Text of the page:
Planting zones (and pests and invasive species) are ever-more marching northward.
There's ample evidence climate change is messing with the world's phenology, aka the timing of natural life cycles. Warmer temperatures are hastening the emergence of butterflies and driving short-range migratory birds north weeks earlier. They're melting Arctic ice and blocking polar bears from their main prey, seals, creating shrunken bears more than 140 pounds lighter than those of the '80s.
And in the United States, the effects of the great heat-up have become pronounced in our gardens, where warm weather-loving plants now thrive in once-cool environments.
The mutation of the nation's growing seasons is clear in this map comparison NOAA made for the American Public Garden Association. It shows how average overnight minimum temperatures have changed between the former U.S. Climate Normals (tracked between 1971 and 2000) and the current normals (1981 to 2010). Watch how planting zones lurch northward with time:
Here's another view of the expanded planting territory:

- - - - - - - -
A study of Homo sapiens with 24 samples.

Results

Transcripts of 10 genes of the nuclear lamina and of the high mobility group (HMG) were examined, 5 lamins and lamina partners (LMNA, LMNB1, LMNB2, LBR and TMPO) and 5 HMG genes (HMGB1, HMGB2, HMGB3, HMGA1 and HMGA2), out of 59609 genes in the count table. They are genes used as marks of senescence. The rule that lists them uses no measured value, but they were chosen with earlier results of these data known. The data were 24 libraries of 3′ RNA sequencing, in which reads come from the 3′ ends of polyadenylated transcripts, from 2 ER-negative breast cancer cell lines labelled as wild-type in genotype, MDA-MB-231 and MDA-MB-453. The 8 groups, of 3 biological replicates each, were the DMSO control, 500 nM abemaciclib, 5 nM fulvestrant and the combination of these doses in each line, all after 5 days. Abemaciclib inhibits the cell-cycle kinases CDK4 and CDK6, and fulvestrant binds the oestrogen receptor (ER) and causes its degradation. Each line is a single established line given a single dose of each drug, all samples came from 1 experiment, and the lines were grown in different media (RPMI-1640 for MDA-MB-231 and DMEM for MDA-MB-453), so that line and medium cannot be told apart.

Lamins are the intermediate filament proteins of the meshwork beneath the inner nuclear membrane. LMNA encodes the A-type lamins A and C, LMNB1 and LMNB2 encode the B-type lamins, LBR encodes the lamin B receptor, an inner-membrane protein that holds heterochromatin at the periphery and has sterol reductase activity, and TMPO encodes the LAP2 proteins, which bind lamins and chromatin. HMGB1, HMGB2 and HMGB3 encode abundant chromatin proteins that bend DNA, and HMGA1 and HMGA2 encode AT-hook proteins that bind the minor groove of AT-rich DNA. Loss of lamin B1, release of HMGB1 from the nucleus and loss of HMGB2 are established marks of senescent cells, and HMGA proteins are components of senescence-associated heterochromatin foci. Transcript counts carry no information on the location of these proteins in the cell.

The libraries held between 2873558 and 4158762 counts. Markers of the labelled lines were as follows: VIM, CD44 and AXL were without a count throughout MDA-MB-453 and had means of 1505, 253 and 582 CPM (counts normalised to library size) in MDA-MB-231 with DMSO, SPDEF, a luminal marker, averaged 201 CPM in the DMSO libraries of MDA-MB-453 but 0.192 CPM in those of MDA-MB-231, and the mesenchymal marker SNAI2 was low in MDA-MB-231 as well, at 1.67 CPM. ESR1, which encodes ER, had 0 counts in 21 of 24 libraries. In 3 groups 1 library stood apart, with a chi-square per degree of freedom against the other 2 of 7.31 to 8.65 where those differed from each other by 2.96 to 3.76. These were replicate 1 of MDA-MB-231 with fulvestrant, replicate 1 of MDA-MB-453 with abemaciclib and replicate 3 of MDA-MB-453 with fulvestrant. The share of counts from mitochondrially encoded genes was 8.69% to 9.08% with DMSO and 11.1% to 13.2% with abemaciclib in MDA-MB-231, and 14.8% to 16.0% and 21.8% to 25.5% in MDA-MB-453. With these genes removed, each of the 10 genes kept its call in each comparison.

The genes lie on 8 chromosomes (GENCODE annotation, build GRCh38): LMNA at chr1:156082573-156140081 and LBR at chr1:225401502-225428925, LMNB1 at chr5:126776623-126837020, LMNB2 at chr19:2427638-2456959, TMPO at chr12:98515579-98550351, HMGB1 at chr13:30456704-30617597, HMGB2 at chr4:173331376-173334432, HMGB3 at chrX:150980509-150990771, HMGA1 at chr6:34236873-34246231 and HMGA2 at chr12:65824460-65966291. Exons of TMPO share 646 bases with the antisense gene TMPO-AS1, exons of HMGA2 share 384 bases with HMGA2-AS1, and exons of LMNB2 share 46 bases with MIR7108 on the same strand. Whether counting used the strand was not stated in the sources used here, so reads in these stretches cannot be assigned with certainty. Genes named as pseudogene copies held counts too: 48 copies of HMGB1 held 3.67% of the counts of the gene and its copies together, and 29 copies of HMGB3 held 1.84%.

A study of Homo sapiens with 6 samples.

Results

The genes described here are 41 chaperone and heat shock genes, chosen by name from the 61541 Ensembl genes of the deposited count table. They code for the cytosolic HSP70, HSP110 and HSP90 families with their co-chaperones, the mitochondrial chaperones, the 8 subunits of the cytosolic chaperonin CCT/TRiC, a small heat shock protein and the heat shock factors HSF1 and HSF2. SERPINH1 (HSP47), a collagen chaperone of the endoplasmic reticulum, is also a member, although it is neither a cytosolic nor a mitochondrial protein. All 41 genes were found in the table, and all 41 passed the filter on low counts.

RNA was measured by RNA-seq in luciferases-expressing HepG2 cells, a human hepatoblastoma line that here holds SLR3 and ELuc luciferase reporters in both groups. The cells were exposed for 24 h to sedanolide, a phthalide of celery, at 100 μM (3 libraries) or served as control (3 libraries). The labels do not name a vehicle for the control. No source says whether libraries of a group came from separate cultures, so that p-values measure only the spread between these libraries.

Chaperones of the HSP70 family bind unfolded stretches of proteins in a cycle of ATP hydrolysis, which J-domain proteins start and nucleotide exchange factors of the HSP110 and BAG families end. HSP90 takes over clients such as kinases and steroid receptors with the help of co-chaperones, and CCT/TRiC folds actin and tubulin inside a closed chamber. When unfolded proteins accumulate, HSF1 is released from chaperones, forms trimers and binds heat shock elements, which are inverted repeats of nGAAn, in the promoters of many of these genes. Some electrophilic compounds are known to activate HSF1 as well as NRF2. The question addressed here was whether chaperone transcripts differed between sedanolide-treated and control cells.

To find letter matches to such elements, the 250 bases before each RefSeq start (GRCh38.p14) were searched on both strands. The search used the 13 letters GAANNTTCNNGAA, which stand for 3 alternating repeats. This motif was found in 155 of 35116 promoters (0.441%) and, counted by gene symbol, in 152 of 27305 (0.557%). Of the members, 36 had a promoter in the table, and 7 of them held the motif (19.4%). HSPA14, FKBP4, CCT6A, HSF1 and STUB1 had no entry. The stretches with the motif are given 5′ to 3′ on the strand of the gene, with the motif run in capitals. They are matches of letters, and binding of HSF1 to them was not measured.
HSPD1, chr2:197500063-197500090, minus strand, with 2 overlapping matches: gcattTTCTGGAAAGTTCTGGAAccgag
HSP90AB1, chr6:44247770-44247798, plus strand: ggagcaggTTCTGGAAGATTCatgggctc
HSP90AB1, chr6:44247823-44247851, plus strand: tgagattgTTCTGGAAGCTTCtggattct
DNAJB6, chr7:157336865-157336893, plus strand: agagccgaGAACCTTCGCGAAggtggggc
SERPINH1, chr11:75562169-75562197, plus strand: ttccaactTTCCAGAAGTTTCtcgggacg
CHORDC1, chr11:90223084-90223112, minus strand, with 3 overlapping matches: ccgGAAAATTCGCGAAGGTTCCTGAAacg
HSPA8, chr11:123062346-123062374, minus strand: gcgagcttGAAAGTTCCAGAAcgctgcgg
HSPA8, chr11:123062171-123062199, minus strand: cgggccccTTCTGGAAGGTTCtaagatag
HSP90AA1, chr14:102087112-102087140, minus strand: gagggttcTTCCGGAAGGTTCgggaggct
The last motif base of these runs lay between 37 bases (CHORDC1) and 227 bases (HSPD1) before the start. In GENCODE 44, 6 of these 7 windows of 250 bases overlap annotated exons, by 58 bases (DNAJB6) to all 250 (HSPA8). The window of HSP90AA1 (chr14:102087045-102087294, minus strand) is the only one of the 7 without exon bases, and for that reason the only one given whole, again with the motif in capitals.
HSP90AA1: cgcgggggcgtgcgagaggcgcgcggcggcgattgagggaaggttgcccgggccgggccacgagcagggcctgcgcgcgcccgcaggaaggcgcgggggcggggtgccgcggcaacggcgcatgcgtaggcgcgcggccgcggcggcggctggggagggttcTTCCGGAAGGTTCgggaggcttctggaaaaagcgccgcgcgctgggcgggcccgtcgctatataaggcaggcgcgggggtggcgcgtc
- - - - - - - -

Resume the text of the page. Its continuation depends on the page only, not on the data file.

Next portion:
With that rate of change, California's poppies could soon become a common sight in Seattle. Seriously: Scientists expect a vast northward shift in planting zones over the coming three decades, as depicted in this NOAA/Garden Association graphic:
So what's the upshot? For those who obstinately focus on the positive—"vegetation will likely grow faster with higher yields than ever before in places where such growth was once impossible," say these Fox News opinion-havers—it won't all be sunshine and daisies.
Balmy weather will speed the march of invasive plants like Kudzu and noxious blady grass. It'll give a boost to crop-decimating pests, which are already venturing about two miles farther north and south each year. And given that ragweed-pollen season is weeks longer now, allergy sufferers might look forward to months of huffing and weeping like they're attending the world's most-painful wedding.